The following articles were printed from New Times [newtimesslo.com] - Volume 27, Issue 50

Thirsty Paso residents pressure supes

BY PATRICK M. KLEMZ

A vocal group of rural North County residents wants San Luis Obispo County to temporarily stop vineyard planting in the Paso Robles groundwater basin. The group, known as PRO Water Equity, came to the July 9 Board of Supervisors meeting telling familiar tales of wells going dry and water quality in the basin continuing to worsen.

Former 5th District supervisor Jim Patterson numbered among the North County ruralites urging the board to address the water crisis before the end of summer. All blamed the growing wine industry for straining the groundwater basin and causing their wells to fail.

“The basin is being depleted, and, as wells go deeper, it is at greater risk of being degraded,” Patterson said. “We are in one heck of an emergency. It needs to be addressed immediately.”

Rural basin residents complained about groundwater aquifer levels to the board on several occasions during 2013. Supervisors responded May 7 by asking the staff to study possible solutions.

At the end of public comment, the board decided not to schedule a July 16 discussion on emergency measures SLO County could adopt immediately. The supervisors instead instructed the staff to expedite the development of possible emergency ordinances.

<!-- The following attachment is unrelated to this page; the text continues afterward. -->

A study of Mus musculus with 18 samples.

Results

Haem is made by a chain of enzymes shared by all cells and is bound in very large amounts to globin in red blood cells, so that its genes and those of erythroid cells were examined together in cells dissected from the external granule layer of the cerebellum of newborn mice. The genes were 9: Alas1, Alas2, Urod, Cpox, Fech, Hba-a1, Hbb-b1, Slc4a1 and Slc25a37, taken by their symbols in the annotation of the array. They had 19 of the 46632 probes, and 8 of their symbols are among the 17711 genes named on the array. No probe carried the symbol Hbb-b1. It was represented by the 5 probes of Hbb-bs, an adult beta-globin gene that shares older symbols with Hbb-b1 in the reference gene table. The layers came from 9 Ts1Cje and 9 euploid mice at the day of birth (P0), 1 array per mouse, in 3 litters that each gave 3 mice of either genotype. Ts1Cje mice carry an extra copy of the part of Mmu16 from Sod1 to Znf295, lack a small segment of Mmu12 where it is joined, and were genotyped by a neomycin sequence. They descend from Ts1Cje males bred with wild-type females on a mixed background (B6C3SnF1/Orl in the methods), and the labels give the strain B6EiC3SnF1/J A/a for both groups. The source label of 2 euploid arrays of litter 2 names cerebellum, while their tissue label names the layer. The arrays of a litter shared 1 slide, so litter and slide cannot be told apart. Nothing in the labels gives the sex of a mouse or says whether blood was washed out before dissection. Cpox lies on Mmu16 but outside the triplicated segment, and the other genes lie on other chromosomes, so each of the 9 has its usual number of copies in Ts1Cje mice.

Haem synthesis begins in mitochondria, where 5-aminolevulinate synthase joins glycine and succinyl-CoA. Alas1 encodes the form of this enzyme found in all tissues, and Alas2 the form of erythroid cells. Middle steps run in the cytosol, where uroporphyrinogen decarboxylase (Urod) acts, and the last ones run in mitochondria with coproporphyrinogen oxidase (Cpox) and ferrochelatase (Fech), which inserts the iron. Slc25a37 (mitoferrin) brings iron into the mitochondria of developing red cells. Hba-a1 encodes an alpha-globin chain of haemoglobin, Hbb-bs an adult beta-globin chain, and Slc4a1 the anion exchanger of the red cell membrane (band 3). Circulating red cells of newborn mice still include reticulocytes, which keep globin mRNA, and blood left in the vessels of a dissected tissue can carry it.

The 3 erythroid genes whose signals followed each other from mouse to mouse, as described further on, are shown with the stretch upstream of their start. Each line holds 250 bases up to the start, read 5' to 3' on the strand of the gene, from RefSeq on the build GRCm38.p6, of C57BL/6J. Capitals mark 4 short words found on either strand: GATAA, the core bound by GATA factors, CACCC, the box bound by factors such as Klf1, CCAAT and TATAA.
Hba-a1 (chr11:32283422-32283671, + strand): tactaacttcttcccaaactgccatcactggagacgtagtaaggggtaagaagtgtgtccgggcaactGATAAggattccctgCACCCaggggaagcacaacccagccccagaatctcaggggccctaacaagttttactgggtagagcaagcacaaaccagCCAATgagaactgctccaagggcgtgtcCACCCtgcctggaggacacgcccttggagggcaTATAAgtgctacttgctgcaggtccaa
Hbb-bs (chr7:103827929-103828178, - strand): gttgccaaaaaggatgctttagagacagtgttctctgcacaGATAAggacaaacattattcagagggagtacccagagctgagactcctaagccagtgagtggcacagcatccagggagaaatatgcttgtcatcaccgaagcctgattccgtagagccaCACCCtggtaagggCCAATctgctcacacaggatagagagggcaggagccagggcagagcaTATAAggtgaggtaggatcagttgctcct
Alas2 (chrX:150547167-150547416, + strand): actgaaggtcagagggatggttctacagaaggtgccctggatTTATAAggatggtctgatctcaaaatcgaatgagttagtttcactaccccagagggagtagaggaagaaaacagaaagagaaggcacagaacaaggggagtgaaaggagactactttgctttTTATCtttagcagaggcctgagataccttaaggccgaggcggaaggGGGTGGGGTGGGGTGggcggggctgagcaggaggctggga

Supervisor Frank Mecham said it would take more than a week for him to make up his mind because he wants certain legal questions answered first. He wondered about the legality of a planting moratorium, as well as how SLO County could stop corporate vineyard expansion without hamstringing family farms.

“How do we separate the owners?” Mecham asked.

The board split evenly on how soon it wanted to take action. Current 5th District Supervisor Debbie Arnold suggested getting input from the Blue Ribbon Committee, which the board formed in 2011 to steer basin management.

Supervisor Bruce Gibson disagreed and asked staff how soon it could put an ordinance together.

“We don’t need to refer this out to another committee,” Gibson said. “Not to be flippant, but I don’t really care whether the Blue Ribbon Committee is supporting these actions.”

Though most of the crowd called for a moratorium, a handful of speakers supported Mecham’s and Arnold’s decision to wait. Mike Brown of the Coalition of Labor, Agriculture, and Business, a local conservative interest group, warned about moving too fast.

“If someone were to walk in here next week with a whole list of moratoria and limitations, folks would have very little time to react to that,” Brown said.

Wine industry representatives implored the board not to take a heavy-handed approach to basin management. The county has traditionally sought input through committees before taking significant action. They suggested allowing collaborative efforts to continue.

Retired Paso Robles teacher and coach Bill Stansbury differed with the notion that the groundwater dispute is a problem that needs collaboration between neighbors.

“The Gallos are not my neighbors,” Stansbury said.